HIV Cure in the Works
Charles Chong

Danish researchers are on the cusp of a major breakthrough in “finding a mass-distributable and affordable cure to HIV”.  These researchers are currently in the midst of human trials after a wildly successful run with in vitro studies using human cells.  Hopes are high that they will find a cure for HIV within the next five years or so.

Previously, finding a cure for HIV has had multiple obstacles in the way, one of which is finding a way to destroy the reservoirs of HIV DNA stored in a patient’s cells.  Current drugs are able to destroy the HIV particles in the bloodstream, but there is nothing that can be done to rid the body of the reservoirs.  And due to these reservoirs, if the HIV medication is stopped at any point, the HIV virus will rebound, and symptoms will begin to appear again after only two weeks.  In short, current medication requires a lifetime of treatment, which can cost hundreds of thousands of dollars over the lifetime of a single patient.

The new treatment proposed by the Danish researchers attacks the dormant HIV DNA within in the infected cells using a drug currently used in cancer patients.  The drug, a HDAC inhibitor called Panobinostat, is a powerful drug that inhibits histone deacetylase, which is used to regulate gene expression.  To simplify, this drug causes the expression of certain genes in a cell, which will then eventually lead to cell suicide, differentiation, or cell cycle arrest (i.e. the cell will stop replicating itself).  Then the patient’s own immune system will take over and kill the infected cells.  This effectively causes any latent HIV DNA in a patient to become active again, which is then killed by either the immune system or cell suicide.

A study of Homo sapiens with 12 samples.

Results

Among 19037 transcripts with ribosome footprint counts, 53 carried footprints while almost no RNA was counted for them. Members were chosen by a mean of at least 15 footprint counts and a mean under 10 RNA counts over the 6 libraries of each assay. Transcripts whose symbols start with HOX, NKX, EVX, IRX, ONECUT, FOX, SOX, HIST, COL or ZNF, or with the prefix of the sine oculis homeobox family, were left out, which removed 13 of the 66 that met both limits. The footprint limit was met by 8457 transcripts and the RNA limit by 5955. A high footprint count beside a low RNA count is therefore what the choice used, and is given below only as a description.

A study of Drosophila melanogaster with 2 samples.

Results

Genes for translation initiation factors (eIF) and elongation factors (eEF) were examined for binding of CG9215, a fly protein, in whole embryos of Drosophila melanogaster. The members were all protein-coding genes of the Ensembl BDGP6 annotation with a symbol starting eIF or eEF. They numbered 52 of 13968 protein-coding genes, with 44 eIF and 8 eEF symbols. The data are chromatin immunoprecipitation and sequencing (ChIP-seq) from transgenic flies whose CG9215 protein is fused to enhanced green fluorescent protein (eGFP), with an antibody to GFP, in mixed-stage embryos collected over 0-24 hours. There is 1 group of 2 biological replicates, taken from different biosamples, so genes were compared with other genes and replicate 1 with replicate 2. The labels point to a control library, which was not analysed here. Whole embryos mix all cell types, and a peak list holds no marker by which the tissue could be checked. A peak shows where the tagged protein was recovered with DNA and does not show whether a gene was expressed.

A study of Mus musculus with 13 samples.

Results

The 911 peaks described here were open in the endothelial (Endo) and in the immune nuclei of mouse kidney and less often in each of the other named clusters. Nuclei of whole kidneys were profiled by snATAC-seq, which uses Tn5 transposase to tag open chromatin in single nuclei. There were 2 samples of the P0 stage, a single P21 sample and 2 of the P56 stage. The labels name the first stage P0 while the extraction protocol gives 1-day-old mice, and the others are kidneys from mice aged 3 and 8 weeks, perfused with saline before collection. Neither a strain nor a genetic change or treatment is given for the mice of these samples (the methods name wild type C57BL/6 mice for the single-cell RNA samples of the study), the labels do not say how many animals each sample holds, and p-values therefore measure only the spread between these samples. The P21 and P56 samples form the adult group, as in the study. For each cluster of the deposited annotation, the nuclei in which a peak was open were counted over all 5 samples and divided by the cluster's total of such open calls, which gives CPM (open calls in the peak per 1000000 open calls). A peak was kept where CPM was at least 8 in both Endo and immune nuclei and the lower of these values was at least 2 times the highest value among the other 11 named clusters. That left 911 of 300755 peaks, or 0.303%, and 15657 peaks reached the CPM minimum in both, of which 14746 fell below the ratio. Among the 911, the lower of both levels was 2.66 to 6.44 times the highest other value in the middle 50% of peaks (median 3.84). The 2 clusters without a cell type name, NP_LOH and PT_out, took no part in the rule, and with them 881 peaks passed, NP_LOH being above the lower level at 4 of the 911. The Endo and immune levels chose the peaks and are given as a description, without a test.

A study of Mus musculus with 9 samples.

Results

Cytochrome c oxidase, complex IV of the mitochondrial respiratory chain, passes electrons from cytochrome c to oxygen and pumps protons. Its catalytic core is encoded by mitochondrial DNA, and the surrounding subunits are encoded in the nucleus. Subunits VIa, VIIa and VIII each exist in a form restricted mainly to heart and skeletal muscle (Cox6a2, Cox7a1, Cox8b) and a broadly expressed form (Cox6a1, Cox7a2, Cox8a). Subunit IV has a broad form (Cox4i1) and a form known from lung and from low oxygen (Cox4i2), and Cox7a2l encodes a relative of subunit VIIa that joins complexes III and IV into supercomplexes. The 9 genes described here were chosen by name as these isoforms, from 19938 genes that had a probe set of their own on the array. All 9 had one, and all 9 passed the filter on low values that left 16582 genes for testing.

There are currently 15 HIV positive patients in the first round of clinical trials.  The current focus is to treat patients who have only recently contracted HIV because these patients will not have the large viral loads as those patients who have had HIV for years.  If this trial proves successful, then there will be another clinical trial on a wider scale.  Then after that, there will likely be another trial with patients who have had HIV for many years.  Assuming the continuous success of this novel treatment strategy, the first cure for HIV should be available in only 5 years.